Single beam systems provide no information on target location and the measured echo level combines the effect of TS and location in the beam (Fig. 6). TS distributions have to be estimated from echo statistics.
Dual beam systems transmit sound on a narrow beam and receive the echo on both this narrow beam and a wide beam. The ratio between the two echo levels is used to calculate the distance from the target to the center of the beam and allows for compensation for directivity in the calculation of TS.
Split beam transducers calculate target location in three dimensions by comparing phase deviations of the returning signal in 4 sections of the transducer. This also allows for compensation of directivity and calculation of TS and for calculation of fish swimming speed in situ (Arrhenius et al. 2000, Torgersen and Kaartvedt 2001). In addition, split beam units can be elliptical – dual beam units are always circular.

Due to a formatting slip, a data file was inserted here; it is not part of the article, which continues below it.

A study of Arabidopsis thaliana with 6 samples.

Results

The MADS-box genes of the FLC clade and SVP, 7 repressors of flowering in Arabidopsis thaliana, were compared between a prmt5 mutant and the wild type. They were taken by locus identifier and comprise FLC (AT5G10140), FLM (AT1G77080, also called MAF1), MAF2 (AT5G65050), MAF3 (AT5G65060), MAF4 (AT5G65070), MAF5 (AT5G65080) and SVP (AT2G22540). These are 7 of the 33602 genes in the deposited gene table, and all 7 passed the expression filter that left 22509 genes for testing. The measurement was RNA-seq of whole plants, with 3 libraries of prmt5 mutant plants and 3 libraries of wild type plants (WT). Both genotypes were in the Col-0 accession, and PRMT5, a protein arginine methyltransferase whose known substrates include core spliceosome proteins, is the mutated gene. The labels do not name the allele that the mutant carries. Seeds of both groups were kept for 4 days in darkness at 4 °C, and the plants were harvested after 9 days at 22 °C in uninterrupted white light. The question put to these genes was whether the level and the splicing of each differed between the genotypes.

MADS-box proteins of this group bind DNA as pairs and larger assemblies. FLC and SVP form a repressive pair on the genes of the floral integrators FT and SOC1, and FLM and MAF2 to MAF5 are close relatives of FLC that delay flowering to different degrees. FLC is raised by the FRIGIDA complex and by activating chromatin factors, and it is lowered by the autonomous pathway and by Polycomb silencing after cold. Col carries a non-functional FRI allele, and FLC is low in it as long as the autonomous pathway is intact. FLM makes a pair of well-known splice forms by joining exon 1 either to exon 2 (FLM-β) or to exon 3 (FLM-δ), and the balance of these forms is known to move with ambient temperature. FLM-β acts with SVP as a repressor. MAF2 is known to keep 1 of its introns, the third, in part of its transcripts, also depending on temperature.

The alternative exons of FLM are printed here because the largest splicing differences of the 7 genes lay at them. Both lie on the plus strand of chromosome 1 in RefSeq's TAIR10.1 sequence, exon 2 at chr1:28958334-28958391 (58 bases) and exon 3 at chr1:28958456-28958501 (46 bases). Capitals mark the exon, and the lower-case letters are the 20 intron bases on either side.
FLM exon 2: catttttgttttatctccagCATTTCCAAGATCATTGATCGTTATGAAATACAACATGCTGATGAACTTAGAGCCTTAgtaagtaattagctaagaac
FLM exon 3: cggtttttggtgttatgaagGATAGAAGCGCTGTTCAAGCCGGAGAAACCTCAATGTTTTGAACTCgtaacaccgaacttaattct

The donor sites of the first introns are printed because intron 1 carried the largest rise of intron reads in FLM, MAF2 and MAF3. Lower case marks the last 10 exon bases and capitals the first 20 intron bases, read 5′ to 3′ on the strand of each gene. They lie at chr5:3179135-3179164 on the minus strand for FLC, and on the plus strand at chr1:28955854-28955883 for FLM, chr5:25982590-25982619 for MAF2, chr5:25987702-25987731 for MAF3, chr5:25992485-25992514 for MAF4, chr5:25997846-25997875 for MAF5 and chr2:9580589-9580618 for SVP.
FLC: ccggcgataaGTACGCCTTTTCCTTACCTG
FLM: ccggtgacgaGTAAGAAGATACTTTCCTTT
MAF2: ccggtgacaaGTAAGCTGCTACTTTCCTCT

With current developments in both hardware and software, we recommend acquiring split beam systems. While more expensive, the increased capabilities of a split beam system are worth the cost.
Figure 7. Transducer configurations. Single beam transducers give information on 1 dimension (depth), dual beam transducers gives information on 2 dimensions, depth and distance from the acoustics axis, and split beam transducers gives information on the location in all three dimensions. Reproduced with permission from Simrad A/S.
Figure 7. Transducer resolution and beam width. From Brandt (1996). Reproduced with permission from the American Fisheries Society © AFS.